Of course it would be unreasonable to expect the announcement to anticipate the results of the inquiry but, equally, the terms of reference should have a degree of internal coherence. As it is, they point in several directions, each of which appeals to a different audience.
Traditional teachers, distrustful of theory and sceptical about the value of research, will welcome the focus on discipline and classroom management.
This runs the risk of encouraging a narrow and inward-looking view of preparation for teaching, in which social control is given too much weight.
Such an approach may serve to contain pupil disaffection for a while, but it will not address its underlying causes.
Potential students, especially those with family commitments and those who live some distance from the training institutions, will appreciate the openness to new patterns of provision, including part-time study and distance learning. Already courses attract substantial numbers of mature entrants who bring an interesting range of experience to the work of schools.
The focus on entry requirements, standards and guidelines will provide a field day for the bean counters of the policy community who enjoy drawing up lists of criteria, and establishing rules only they can understand and negotiate. I predict many happy hours of pointless discussion of this kind.
In his ministerial statement accompanying the announcement, Peter Peacock said he wanted the review group to "think innovatively", and "consider proposals for radical change if that is what is needed". Why then is there no reference to the possibility of inter-professional training which both the social inclusion agenda and the professed desire for "joined up government" would seem to point to?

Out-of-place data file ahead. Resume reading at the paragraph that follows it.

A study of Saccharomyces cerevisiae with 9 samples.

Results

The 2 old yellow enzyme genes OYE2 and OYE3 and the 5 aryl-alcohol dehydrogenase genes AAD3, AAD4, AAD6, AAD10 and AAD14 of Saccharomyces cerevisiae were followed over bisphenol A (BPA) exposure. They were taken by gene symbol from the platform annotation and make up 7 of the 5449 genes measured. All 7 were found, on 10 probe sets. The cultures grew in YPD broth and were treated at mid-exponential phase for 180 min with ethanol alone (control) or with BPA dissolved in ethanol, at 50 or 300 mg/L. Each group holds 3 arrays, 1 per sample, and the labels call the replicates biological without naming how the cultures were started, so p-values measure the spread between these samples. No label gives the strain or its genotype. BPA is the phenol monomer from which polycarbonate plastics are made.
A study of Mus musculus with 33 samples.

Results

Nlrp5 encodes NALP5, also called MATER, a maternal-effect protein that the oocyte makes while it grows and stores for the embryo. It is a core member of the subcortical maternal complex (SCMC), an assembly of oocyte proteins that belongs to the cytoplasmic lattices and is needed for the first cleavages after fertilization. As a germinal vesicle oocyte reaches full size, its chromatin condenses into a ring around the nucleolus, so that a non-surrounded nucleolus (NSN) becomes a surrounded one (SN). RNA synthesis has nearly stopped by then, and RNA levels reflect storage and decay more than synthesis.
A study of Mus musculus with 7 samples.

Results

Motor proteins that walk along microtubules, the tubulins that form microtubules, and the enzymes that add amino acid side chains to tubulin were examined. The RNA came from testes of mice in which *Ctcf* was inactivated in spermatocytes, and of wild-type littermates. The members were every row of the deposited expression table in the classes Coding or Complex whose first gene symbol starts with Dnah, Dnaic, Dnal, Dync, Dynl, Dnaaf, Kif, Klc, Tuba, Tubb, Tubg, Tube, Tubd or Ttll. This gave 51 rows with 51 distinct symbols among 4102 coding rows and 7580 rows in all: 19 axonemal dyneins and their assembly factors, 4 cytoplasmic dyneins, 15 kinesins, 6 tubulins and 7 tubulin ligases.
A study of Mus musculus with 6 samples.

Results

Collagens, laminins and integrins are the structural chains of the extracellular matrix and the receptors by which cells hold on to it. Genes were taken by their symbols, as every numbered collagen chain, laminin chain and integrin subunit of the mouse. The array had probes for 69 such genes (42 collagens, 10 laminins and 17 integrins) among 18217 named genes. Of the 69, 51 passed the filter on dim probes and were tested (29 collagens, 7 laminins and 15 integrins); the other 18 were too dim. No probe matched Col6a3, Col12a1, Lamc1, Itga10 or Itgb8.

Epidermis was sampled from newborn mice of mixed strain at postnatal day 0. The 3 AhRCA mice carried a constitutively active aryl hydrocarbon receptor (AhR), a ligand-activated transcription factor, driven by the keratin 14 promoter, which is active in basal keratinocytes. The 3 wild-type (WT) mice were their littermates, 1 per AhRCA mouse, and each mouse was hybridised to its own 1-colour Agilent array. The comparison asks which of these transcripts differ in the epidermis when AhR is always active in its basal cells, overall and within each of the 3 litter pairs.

Related to this, who are the people charged with leading us into the Brave New World of initial teacher education? There are several of the usual suspects, familiar to students of Scottish policy-making - two deans of faculties of education, two directors of education, two senior civil servants within the Scottish Executive Education Department. This fondness for dynamic duos is reminiscent of Noah's Ark. Can we expect the deluge to follow?
However, not all the members come in pairs. There is the registrar of the General Teaching Council for Scotland, an organisation whose expansionist tendencies post-McCrone are worthy of close scrutiny. There are also representatives of the Educational Institute of Scotland and the Headteachers' Association of Scotland, as well as a university vice-principal with a background in teacher education in England. It could be claimed that English teacher education is arguably the worst in Europe, still trying to recover from the ill-judged pronouncements of Chris Woodhead.
Let me make it clear that, as individuals, these people (several of whom I know personally) are hard-working and committed to the improvement of Scottish education. My point, however, is that the professional and institutional baggage they will bring to bear on the task, and the bureaucratic constraints under which they will be required to operate, will set definite limits to the kind of thinking that will emerge from the review exercise.
If the minister really wanted to encourage radical proposals he should have included one or two "wild cards" from outside the usual lists of those thought worthy of patronage. But in post-devolution Scotland we still prefer to talk about changing things rather than actually doing anything.
Walter Humes is professor of education and head of educational studies at Strathclyde University.